Thanks to the old and solid bedrock in Finland, construction is possible on almost any soil. However, the choice of foundation method depends on the soil and extensive groundwork will significantly increase the cost of construction.
“A ground survey is one of the most important stages in all construction as it is very expensive to correct mistakes made in foundation engineering afterwards,” says Jukka-Pekka Salokangas, Planning Manager at YIT's Foundation and Special Engineering Unit. The earthworks and foundation engineering team serves our customers across the full range of foundation structures.
When constructing buildings, roads and bridges, it is important to study both the soil and the history of the site. In this way, foundation engineering is based on knowledge rather than guesswork. Salokangas has worked in railway construction for a long time and gives an example of a ground survey on the construction of train tracks on different soil types.
"Lay people rarely think about what is under a railway embankment. There are train tracks all over Finland. Some track sections were built more than 100 years ago and the soil under them varies, from peat to clay and rock," says Salokangas.
It is important to carry out a thorough ground survey before starting construction. A ground survey is not just about taking new samples, but also partly going through the archives
A ground survey usually combines new and old studies and the history of the site to be built. According to Salokangas, in a new project, the geotechnical designer will be the first to look for the site's historical data and maps, as well as drilling already done. In addition, the designer visits the site to visually assess the terrain and soil. According to Salokangas, a lot of drilling has been done on construction sites in Finland in the past.
“Collecting this information is like detective work, but it's worthwhile,” Salokangas adds.
If no previous drilling has been carried out, new drilling will be carried out on a random network based on a field visit or other map data.
“There are a lot of changes in the soil that cannot be seen from the ground,” says Salokangas.
According to Salokangas, ground surveys should be commissioned on a site-by-site basis. The most common ground surveys are different types of soil drilling, sampling, groundwater surveys and contaminated soil surveys. Drilling and sampling are the main research methods as they can be used to determine many things about the soil, such as its strength, compactness and layers.
"The more frequent ground surveys are, the better the information is, and the more effective and sustainable the solutions the foundation engineer can make."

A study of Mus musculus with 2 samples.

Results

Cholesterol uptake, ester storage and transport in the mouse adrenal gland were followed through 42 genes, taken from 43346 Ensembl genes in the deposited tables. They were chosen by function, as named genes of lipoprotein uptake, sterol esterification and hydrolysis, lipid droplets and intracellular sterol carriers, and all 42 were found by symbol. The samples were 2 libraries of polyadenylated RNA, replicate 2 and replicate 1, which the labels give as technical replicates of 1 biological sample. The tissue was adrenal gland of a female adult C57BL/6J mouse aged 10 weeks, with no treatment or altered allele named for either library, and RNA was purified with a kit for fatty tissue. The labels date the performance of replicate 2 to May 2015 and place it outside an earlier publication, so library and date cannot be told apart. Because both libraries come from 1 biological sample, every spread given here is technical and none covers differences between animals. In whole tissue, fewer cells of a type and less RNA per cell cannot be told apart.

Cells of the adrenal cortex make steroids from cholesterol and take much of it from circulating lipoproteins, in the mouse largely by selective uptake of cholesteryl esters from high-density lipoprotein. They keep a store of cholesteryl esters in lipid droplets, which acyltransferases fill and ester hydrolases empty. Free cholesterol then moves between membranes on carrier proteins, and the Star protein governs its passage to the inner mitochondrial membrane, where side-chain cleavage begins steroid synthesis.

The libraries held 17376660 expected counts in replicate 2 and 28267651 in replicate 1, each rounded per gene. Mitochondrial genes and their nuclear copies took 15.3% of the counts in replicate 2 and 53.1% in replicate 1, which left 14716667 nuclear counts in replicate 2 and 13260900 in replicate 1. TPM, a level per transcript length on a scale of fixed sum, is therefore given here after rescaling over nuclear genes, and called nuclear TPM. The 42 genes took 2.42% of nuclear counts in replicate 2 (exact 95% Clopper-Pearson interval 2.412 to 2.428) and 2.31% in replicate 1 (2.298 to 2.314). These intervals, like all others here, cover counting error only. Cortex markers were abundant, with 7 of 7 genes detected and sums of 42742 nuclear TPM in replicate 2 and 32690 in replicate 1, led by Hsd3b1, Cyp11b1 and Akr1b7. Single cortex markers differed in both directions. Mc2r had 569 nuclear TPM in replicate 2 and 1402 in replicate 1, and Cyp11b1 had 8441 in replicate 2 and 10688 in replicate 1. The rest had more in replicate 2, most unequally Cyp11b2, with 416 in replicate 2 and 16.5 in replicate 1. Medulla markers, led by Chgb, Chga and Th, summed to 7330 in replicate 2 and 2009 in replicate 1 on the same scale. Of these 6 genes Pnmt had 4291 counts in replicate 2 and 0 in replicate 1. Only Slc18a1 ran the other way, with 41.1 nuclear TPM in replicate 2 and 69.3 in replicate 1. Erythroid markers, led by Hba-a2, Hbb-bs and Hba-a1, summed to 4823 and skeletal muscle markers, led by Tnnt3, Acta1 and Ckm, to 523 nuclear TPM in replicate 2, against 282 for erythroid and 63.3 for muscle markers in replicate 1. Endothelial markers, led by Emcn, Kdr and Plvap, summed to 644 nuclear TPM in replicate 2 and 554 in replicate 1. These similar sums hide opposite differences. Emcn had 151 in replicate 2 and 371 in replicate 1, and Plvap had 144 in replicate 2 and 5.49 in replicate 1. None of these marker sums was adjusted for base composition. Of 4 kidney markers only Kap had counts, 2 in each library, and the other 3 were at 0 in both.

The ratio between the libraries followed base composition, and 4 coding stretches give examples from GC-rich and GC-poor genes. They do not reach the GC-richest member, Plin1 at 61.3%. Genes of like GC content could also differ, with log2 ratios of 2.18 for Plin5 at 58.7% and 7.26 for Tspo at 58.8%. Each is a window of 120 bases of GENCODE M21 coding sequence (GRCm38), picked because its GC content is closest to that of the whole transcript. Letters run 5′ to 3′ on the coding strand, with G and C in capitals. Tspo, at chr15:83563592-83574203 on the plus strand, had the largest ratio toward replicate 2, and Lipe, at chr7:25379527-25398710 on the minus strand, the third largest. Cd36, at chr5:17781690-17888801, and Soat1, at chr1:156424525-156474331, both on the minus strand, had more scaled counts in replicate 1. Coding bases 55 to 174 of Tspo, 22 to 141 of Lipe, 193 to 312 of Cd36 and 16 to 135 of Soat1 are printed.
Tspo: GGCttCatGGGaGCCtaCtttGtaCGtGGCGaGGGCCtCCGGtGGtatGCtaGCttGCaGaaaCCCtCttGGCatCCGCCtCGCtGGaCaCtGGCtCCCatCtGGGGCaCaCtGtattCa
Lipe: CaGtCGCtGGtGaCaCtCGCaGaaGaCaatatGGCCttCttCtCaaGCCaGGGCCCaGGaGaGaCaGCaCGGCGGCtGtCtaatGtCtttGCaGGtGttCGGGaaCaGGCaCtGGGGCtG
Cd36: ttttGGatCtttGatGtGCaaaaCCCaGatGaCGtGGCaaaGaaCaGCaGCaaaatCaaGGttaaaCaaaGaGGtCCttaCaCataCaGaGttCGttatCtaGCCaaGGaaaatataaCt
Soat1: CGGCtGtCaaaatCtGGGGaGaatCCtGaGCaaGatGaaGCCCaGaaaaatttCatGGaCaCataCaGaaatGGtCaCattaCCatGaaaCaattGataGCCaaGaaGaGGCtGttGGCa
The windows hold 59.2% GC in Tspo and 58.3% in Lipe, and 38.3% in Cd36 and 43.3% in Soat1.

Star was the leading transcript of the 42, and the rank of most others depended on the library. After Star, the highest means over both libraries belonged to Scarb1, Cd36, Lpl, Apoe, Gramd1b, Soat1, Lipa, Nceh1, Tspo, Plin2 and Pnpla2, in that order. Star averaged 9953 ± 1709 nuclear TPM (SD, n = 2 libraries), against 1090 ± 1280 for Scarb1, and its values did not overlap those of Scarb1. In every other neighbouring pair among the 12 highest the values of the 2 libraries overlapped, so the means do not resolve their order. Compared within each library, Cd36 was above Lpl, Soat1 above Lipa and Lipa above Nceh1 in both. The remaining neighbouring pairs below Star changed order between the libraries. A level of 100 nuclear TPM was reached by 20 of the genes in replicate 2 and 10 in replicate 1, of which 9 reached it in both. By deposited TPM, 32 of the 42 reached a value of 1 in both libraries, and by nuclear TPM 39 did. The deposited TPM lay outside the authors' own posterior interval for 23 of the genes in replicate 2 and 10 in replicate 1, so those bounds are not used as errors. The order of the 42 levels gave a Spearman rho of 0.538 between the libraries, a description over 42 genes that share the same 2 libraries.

Once the baseline data have been collected by collecting data from old ground surveys or commissioning new ones, the drilling results will be examined and, based on the first results, additional surveys will be conducted before construction can begin.
According to Salokangas, the earlier the ground survey is carried out, the greater the possibility to prepare for soil loading during construction, and even for preconstruction, such as the reinforcement of clay soil using a loading berm, which in some cases is done years before construction.
If a ground survey is not carried out, the foundation planning is not on solid ground and the cost of foundation engineering is uncertain. A good ground survey pays for itself many times over, especially at sites with demanding soil. According to Salokangas, a thorough ground survey also has other benefits, as soil can also provide opportunities.
“Expensive piling is not always needed, as many soil types have good strength properties. We have good soil, we just have to dare to use its properties wisely.”
A thorough ground survey also influences the implementation planning and construction phase. Collapses during construction can be prevented, for example, by strengthening the ground under heavy equipment such as cranes. Ground surveys can also be used to promote the circular economy, as the soil left over from one plot can be coordinated in advance to fill the ground at another site based on the results of the ground survey.
Whether the soil at the plot is clay or non-cohesive soil, according to Salokangas, a good ground survey is everything.
“It is easier to design foundation solutions in a cost-efficient way when the site's soil has been sufficiently studied.”